AI is Bringing Conversation Back to Commerce
Even in its earliest form, commerce has always been centered around conversation.
The evolution to e-commerce seemed to de-center that conversational element, though. Without a person to speak with, conversation was relegated to a single place within the online shopping experience: the search bar.
As the only direct insight into what consumers really want, the search bar is a critical source of information for businesses — a place where 69 percent of shoppers begin their online journey. Yet for many years, the conversation shoppers were trying to ignite via their searches led to a mediocre experience at best. Much of the technology businesses were using to power their search engines simply didn’t understand what consumers were saying. And that was a challenge because two-thirds of consumers expect companies to understand their unique needs and expectations.
AI’s Role in the E-Commerce Conversation
Then artificial intelligence entered the world of e-commerce search, and with it came the ability to finally understand what customers were saying. With continued innovation, AI has allowed businesses to once more harness the power of conversation in the shopping experience. AI-powered semantic understanding, for example, can decipher the intent behind what a customer searches for — even understand the customer. It can hear what customers are actually asking for and give them the right answer, every time.
Conversations begin in the search bar and, for the most part, end once the relevant products have been displayed. Up until very recently, this was exactly what consumers were looking for in their online shopping experience.
But then came generative AI. And now customers and businesses alike have the opportunity to consider a fascinating question: What could be possible if those conversations didn’t end?
The Seismic Impact of Generative AI
Large language models (LLMs), which power generative AI, have broken down the barriers of what was previously possible in e-commerce. They can move us from a one-way to a two-way world, making it so that conversation begins in the search bar and continue everywhere — connected across text, email, app, even the in-person experience. The customer journey moves easily across every touchpoint, picking up where they left off no matter when or where they decide to re-engage.
This is the ultimate re-centering of conversation within e-commerce. It opens the door to unparalleled customer experiences and tremendous benefits for retailers, from continuous customer engagement to stronger loyalty and, of course, more opportunities to drive revenue. In 2022, 19.7 percent of sales occurred online. What could five years from now look like with conversation at the forefront?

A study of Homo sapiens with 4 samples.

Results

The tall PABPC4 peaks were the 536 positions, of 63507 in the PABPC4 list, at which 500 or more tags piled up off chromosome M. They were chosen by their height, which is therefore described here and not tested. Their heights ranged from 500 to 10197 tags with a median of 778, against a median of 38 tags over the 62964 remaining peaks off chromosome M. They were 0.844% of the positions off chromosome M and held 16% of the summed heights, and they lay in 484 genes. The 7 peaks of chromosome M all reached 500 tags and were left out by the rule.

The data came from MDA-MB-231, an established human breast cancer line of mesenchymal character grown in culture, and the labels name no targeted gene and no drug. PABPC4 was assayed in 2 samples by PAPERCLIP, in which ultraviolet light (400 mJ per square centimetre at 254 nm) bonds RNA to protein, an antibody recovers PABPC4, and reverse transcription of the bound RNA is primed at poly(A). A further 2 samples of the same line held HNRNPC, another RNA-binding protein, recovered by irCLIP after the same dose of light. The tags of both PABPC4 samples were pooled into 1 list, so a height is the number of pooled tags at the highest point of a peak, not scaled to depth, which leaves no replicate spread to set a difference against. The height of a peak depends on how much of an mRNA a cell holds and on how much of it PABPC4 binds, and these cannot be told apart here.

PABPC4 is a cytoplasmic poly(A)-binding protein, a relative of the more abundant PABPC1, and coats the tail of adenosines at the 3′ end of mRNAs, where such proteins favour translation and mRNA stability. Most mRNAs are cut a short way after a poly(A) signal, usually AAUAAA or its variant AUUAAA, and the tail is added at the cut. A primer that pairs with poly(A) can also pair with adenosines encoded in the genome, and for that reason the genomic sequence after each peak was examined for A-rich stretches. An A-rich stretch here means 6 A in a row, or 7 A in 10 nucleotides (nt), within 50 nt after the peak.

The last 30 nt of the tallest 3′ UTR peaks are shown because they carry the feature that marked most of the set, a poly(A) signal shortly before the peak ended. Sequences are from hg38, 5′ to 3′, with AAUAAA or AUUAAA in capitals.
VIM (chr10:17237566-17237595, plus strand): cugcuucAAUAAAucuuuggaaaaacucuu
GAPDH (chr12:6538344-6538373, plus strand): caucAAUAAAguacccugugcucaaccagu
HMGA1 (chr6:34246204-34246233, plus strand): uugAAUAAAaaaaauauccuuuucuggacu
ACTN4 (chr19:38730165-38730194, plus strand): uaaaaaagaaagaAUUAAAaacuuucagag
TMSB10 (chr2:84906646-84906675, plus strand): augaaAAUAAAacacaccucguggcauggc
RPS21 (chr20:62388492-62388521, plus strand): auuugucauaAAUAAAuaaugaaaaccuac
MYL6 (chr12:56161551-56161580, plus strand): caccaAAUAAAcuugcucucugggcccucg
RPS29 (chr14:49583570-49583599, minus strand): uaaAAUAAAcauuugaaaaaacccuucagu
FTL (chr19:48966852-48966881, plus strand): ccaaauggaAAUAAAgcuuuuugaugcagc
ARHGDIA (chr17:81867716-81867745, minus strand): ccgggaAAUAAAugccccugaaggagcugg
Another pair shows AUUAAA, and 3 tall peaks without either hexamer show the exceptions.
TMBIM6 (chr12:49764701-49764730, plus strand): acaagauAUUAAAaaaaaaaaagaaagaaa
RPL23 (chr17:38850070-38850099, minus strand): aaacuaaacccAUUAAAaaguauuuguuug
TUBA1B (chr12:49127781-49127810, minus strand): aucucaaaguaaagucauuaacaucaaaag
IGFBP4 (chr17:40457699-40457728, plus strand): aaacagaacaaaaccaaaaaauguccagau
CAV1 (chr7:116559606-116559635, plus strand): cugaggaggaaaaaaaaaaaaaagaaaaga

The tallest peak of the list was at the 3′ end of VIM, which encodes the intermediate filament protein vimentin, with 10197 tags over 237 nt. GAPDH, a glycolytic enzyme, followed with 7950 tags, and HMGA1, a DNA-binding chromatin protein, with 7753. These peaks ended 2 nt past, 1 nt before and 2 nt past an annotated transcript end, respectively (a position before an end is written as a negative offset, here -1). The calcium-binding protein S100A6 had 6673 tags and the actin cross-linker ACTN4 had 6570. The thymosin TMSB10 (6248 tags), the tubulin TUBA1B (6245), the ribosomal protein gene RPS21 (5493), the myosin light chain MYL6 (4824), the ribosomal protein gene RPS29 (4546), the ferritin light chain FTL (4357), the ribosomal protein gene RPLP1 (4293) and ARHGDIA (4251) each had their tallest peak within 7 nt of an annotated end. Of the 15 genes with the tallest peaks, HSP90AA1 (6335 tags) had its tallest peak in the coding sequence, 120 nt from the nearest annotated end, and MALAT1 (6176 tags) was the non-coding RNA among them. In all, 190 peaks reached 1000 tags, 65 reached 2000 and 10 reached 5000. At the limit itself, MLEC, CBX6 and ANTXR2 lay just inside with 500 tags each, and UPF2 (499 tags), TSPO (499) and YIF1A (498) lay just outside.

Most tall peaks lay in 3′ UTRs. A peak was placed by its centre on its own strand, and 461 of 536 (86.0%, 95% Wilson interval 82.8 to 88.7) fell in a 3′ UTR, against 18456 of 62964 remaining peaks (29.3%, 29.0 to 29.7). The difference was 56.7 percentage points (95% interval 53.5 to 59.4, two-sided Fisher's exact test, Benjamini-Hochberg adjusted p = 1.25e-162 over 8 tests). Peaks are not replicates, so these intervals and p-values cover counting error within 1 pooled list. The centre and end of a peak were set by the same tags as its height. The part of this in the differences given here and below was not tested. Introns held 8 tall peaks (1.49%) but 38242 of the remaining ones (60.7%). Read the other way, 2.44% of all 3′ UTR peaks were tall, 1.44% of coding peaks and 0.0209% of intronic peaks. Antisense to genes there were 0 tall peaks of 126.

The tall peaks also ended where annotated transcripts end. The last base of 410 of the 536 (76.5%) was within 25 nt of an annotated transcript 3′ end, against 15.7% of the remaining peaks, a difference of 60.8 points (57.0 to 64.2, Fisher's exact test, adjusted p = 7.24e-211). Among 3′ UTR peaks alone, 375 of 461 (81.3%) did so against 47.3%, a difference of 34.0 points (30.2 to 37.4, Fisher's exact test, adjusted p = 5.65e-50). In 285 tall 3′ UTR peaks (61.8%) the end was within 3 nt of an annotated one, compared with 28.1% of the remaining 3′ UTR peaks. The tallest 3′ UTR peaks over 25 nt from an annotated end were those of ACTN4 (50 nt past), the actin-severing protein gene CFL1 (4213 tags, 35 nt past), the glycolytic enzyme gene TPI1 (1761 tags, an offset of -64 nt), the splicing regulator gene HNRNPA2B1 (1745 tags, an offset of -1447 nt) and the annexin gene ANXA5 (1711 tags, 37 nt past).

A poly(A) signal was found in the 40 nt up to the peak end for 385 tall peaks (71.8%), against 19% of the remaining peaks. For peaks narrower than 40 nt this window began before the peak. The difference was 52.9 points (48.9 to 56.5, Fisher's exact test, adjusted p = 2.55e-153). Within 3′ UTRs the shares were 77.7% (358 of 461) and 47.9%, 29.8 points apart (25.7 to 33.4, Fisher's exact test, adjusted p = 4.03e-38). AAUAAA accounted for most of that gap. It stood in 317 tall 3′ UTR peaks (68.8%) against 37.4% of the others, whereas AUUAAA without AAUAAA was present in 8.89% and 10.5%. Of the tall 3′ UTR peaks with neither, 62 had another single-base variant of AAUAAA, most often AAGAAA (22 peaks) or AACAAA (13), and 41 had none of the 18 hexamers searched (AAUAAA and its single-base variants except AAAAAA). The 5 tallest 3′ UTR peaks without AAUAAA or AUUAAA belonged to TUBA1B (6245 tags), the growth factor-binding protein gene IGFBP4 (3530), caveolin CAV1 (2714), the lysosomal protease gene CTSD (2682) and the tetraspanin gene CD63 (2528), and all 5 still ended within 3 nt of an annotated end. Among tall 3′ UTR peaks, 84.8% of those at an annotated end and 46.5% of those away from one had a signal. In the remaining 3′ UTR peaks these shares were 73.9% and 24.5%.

The Bridge From Today to Tomorrow
The impact of LLMs can already be seen throughout commerce in content creation, merchandising efficiency, product findability, and more. And while much of that impact is currently felt on the backend, it won’t be long until it vastly changes the way consumers interact with the online shopping experience.
That means retailers need to be preparing their e-commerce ecosystem for the coming AI reality. This includes cleaning up data and removing silos, and ensuring that data connects across their channels. LLMs like generative AI will fuel the conversations, but without the right data, those conversations will always fall short. It becomes an incredibly talented salesperson with no knowledge of your business. Or a salesperson that repeatedly asks you what you’re shopping for, even after you’ve told them at length.
Generative AI is set to become a retailer’s greatest asset in the race to drive online profitability — and that change will happen quickly. That’s a daunting proposition considering how new this technology feels. It’s an exciting one, too. This is an inflection point that will separate the leaders from the rest.
Raj De Datta serves as co-founder and CEO of Bloomreach, an e-commerce AI company.
Raj serves as co-founder and CEO of Bloomreach. Before launching the Company in 2009, Raj was entrepreneur-in-residence at Mohr-Davidow Ventures, served as Cisco’s director of product marketing, and was on the founding team of telecom company FirstMark Communications. He also worked in technology investment banking at Lazard Freres. Raj serves on the Council for Player Development for the US Tennis Association, as a Founder Partner at seed-stage venture capital firm Founder Collective and an individual investor in over 20 Silicon Valley start-ups. He holds a BS in Electrical Engineering with a certificate in Public Policy and International affairs from Princeton University and an MBA with distinction from Harvard Business School.